June 29, 2020

Interesting Things on the Internet: June 29th 2020

  • The Sweetgreen-ification of Society. "We are losing the spaces we share across socioeconomic strata. Slowly, but surely, we are building the means for an everyday urbanite to exist solely in their physical and digital class lanes. It used to be the rich, and then everyone else. Now in every realm of daily consumer life, we are able to efficiently separate ourselves into a publicly visible delineation of who belongs where." This is one of the things I miss from Turin. There was more diversity of age groups and social classes living in the city centre (where I did), and good food at all levels of fanciness of restaurant and trattorie.
  • Research In The Wild. An important challenge for our times, and part of why I want more people to understand the realities of tech, and more of them to be in all roles across society. "Suppose Cambridge is going to have regulations about what science of DNA-level technology can be done. Who’s going to make the decisions? You’re not going to let the scientists make the decisions, even though they said, “You can trust us, after all we’re.. .” So you say okay, well, we have to let the public make the decision. So we have to form an outside group. Who are you going to put on the committee? Are you going to walk down to the central square and point at people at random and say, “You’re on the committee”? You can’t do that because people have to be highly educated in this material before they can make decisions. So therefore you take academics or biologists, but they already have a vested interest. And this is a long-standing legal problem in the United States or anywhere. When you want to have a regulation of something, who do you make the regulators? You have to make the regulators people who understand the technology. Who are the people who understand che technology? People who already have a vested interest in it."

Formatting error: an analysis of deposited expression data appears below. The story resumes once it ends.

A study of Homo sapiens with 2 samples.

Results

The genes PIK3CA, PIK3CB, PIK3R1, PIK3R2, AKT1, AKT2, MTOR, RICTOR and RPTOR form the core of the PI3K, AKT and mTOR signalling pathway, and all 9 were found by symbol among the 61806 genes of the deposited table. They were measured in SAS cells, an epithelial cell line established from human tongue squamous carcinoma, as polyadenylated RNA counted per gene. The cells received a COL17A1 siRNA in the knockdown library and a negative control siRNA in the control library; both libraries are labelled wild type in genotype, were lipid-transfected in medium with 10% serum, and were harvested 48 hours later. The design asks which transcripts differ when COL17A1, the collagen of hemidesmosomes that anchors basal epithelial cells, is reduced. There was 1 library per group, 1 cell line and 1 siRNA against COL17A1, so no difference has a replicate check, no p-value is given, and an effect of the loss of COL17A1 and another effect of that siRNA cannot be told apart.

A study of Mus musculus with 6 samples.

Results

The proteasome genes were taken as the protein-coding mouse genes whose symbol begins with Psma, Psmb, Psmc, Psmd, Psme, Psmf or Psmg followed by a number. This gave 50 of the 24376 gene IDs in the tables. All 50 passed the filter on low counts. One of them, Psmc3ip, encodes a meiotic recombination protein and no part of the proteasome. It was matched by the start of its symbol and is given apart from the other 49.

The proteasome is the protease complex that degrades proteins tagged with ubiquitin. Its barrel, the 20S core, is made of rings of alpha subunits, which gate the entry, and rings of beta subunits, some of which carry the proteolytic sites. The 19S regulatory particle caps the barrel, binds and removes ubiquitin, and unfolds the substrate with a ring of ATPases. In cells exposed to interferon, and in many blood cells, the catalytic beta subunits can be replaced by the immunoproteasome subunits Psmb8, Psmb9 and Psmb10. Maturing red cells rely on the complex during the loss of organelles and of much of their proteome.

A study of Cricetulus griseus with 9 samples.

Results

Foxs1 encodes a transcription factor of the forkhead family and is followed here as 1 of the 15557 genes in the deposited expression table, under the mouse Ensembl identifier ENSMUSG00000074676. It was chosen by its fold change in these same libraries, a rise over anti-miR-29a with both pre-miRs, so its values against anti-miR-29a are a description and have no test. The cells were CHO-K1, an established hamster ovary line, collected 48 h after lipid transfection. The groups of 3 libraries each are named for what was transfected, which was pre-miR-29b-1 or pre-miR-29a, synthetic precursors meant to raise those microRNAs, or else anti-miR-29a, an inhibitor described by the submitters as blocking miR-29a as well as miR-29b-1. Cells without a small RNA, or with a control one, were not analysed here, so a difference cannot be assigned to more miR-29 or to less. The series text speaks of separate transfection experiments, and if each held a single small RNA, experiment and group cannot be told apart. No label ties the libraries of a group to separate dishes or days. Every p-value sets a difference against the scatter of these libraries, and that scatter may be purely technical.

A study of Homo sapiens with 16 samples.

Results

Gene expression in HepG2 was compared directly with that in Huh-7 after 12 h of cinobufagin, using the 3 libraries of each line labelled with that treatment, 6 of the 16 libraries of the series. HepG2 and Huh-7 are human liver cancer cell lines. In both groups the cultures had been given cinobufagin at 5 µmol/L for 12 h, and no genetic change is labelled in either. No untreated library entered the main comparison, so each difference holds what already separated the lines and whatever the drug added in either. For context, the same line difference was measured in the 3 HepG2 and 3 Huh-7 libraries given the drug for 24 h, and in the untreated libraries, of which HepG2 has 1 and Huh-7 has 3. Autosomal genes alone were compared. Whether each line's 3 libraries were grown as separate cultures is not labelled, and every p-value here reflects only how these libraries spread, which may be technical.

• David Olusoga talk at The Bluecoat. Recorded two years ago, an excellent jaunt through how global so many of the "quintessentially British" things we hold dear really are, and how much we omit from our history. He makes an interesting point during the Q&A that history is somewhere that the British go for comfort. I think there's a lot of truth in that.
Posted by Adrian at June 29, 2020 01:40 PM | TrackBack

This blog post is on the personal blog of Adrian McEwen. If you want to explore the site a bit further, it might be worth having a look at the most recent entries or look through the archives or categories over on the left.